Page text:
Monday 1 July 2013

Group One Carcinogens, revisted

Cancer is scary, so the usual lot are again pumping the alcohol-cancer link.
The Cancer Society of New Zealand says Kiwis are only now sobering up to the link between alcohol and cancer, just as we did more than 30 years ago with smoking and lung cancer.
Strong links between drinking more than two or three units a day have been established to deadly digestive tract cancers including mouth, throat, larynx and oesophageal cancers.
There are also strong links between alcohol and bowel, breast and prostate cancers.
The warning comes on as some Kiwis sign up for Dry July, a month without drinking alcohol. Those taking part are encouraged to sign up sponsors in support of cancer services.
Dr Jan Pearson, of the Cancer Society, said it was time Kiwis started talking about the risks of excessive drinking.
"We are probably at the stage now that we were at 30 years ago with tobacco," she said.
Otago University public health professor Tony Blakely said alcohol "absolutely" contributed to cancer rates.
"Alcohol has more obvious impacts on injuries, deaths, social bedlam, unwanted pregnancies and suicides," he said.
Christchurch Professor Doug Sellman, of the National Addiction Centre, said that 25 per cent of alcohol-related deaths "are actually cancer deaths.
"The ethanol in alcohol is a group one carcinogen, like asbestos," he said.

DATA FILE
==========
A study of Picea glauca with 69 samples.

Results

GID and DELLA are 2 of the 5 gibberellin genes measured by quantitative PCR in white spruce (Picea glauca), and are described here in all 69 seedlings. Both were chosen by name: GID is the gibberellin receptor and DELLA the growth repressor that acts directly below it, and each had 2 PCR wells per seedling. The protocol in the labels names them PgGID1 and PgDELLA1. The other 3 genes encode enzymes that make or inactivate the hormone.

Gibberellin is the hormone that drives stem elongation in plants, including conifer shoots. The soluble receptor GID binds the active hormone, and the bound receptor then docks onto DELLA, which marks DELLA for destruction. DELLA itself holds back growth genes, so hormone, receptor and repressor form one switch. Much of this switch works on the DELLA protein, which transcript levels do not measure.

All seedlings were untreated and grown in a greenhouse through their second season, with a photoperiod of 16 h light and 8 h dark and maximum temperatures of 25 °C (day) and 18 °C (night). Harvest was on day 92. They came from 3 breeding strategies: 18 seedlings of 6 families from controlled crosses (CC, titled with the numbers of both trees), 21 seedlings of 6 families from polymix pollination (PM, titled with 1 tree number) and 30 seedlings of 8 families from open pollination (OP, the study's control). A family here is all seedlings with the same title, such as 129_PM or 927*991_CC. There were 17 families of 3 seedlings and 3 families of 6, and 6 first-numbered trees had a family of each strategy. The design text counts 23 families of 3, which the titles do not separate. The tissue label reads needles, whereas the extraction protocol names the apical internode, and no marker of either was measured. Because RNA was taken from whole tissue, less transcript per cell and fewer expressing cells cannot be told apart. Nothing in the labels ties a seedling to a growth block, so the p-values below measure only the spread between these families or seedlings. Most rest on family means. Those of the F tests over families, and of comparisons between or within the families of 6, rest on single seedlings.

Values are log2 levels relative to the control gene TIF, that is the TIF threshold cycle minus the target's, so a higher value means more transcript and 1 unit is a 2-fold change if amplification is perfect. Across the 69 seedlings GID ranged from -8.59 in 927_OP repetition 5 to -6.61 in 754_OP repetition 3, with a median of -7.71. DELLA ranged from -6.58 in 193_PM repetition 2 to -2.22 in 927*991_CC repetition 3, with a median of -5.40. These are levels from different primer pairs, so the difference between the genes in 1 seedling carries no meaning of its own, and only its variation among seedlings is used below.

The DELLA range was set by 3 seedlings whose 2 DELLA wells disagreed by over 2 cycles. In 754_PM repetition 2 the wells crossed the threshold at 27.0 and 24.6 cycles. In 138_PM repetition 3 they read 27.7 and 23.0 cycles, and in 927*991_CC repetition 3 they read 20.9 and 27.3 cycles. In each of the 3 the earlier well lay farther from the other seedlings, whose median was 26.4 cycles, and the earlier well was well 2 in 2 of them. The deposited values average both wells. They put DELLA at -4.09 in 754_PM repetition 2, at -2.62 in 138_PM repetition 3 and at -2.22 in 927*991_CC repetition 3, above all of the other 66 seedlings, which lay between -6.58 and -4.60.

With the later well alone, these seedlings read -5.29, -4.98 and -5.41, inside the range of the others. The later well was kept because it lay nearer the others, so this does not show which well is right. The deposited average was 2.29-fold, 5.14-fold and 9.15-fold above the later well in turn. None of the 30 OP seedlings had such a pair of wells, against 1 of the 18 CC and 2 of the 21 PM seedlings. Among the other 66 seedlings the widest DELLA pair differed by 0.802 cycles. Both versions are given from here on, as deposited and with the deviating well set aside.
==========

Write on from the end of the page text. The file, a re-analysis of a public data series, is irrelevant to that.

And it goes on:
First, they're right: alcohol is a known Group 1 carcinogen, along with diesel exhaust, ciclosporin, estrogen-based oral contraceptives and menopausal therapy, risky sex (Hep B & C, HPV, HIV), the sun, mineral oils, salted fish, wood dust, painting, boot & shoe manufacture and repair, plutonium, and rather a few other things.

Alcohol has a bundle of positive and negative health effects. At low doses, for most people, the positive dominates. That's why we get a J-curve with about a 16% reduction in the risk of all-source mortality around one standard drink per day. After about 3-4 standard drinks per day, you start  exceeding non-drinkers' mortality risk. Unless you have a strong family history of particular diseases that are positively or negatively affected by alcohol, it makes far more sense to watch the aggregate J curve than to follow the disease-by-disease effects.

Update: Here's Thomas Lumley over at StatChat:
The phrase “group one carcinogen” is only relevant in an argument over whether the risk is zero or non-zero. Its use in other contexts suggests that someone doesn’t know what it means, or perhaps hopes that you don’t.
Dave Guerin at summarises:
  1. Dodgy Advocacy Otago Uni’s Profs Doug Sellman and Tony Blakely commented on alcohol and cancer, with Sellman saying that the “alcohol in ethanol is a group one carcinogen”. This is a great example of Sellman’s dodgy advocacy work. Canterbury’s Eric Crampton points out a few other group 1 carcinogens (the sun, salted fish, wood dust), while Auckland’s Prof Thomas Lumley points out that being in group 1 simply means that a cancer risk has been established, high or low. Lumley went on to say that using the group 1 term in most contexts “suggests that someone doesn’t know what it means, or perhaps hopes that you don’t”. Quite.